Soar over this gorgeous 500-foot waterfall that is near Sacramento
In 1970, President Richard Nixon signed the National Environmental Policy Act (NEPA) into law. At that time revolutionary environmental laws, such as NEPA and the Clean Water Act, resulted from the consensus that we needed to change the way that our society was doing business.
Back then, America was learning about the effects of indiscriminate pesticide use with DDT and other potent chemicals causing the collapse of bird populations including our national emblem, the bald eagle. In February 1969, an oil spill off Santa Barbara devastated coastal and marine habitats.
Our parents and grandparents knew that we needed to protect our environment not only for the preservation of plants and animals but also because human health was at risk. Our wise relatives knew that public insight into key environmental decisions was of paramount importance.
This summer, the Trump Administration issued a proposed rule that would drastically change the environmental review and public input process for projects in national forests. This proposal would be the biggest rollback of NEPA regulations affecting forest management in over a decade. If enacted, this new rule would allow commercial logging, the conversion of illegal off-road vehicle routes to official U.S. Forest Service roads, and other activities across large swaths of land without preparation of detailed environmental studies and the opportunity for public input.
NEPA principally provides a forum though which the public can comment on the impacts of projects on public lands. Our organizations, Los Padres ForestWatch and the California Native Plant Society, along with thousands of members of the public, routinely comment on projects on lands managed by the U.S. Forest Service. These comments are necessary to ensure that projects are the best that they can be.
For example, imagine a project that would use a combination of commercial logging and other vegetation removal in essential habitat for the endangered California condor, proposed as a way to protect local communities from the threat of wildfire. In the case of such a sensitive and challenging endeavor, shouldn’t the U.S. Forest Service welcome the input from scientists and citizens?
Currently, while many projects require a comprehensive environmental review, some activities – like facility and road maintenance, hazard tree removal at campsites, and trail caretaking – are small enough to be exempted under what are known as “categorical exclusions.” These exclusions were initially designed to allow public agencies some leeway in conducting small, non-controversial activities without needing to develop comprehensive environmental documents. Over the years, however, Congress and the U.S. Forest Service itself have added dozens of additional exclusions to create loopholes to avoid environmental review for larger projects.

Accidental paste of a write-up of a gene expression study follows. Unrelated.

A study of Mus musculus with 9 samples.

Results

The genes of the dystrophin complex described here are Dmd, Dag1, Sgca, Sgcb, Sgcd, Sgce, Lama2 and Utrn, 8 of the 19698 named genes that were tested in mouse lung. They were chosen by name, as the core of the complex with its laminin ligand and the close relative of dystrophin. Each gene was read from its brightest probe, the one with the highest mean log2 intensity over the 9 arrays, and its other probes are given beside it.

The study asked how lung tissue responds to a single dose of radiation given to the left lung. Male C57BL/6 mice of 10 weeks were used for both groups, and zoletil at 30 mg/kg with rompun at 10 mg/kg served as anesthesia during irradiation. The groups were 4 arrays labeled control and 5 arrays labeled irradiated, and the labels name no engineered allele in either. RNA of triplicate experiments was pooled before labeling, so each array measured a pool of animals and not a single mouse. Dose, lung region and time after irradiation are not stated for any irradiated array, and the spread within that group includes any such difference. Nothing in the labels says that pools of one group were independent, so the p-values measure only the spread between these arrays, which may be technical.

The Trump Administration is now proposing several new loopholes that would permit massive projects without essential environmental review and public comment. For example, one new loophole would exempt vegetation treatment projects up to 11.5 square miles in size.
The rule would also allow up to 6.5 square miles of commercial logging, mining projects of up to one square mile and the construction of up to five miles of new roads without providing an opportunity for public comment. Most people will not even know about a project until a decision is already made and work is imminent, leaving legal action as the only available recourse.
Projects approved under this loophole will not be subject to a formal appeal or objection mechanism that the public and environmental organizations can use to get the agency to make smart changes to projects after a decision is made. Under the new rule, the public’s only option to modify a project after a decision is made will be to take the agency to court. So, the new rule would likely result in more lawsuits.
Clearly, this is yet another attempt by the administration to chip away at NEPA and limit the public’s role in decisions that affect our public lands. Environmental regulations have been wildly successful in reducing the impact of various activities across our public lands. Rather than whittling away at the regulations that protect wildlife, wild places and even nearby communities, Congress and the administration should provide more funding for the federal agencies so that they can hire scientists and other personnel to conduct meaningful environmental review.
The logging project in California condor habitat is not imaginary. Earlier this year, the U.S. Forest Service used an existing loophole to approve two logging projects in a national forest just north of Los Angeles, totaling 2,800 acres, without full environmental review. The new rules proposed by the Trump Administration would allow projects three times the size of these projects without any public input. The real winners of the proposed rule will be timber companies and NEPA opponents.
With the ever-increasing pace of our urban lives, we all need our National Forest lands for rest and relaxation. We also need these vast landscapes for wildlife, clean air and water, and countless other natural resources.
Preserving, not gutting, NEPA will make sure that these irreplaceable resources are there for future generations to cherish.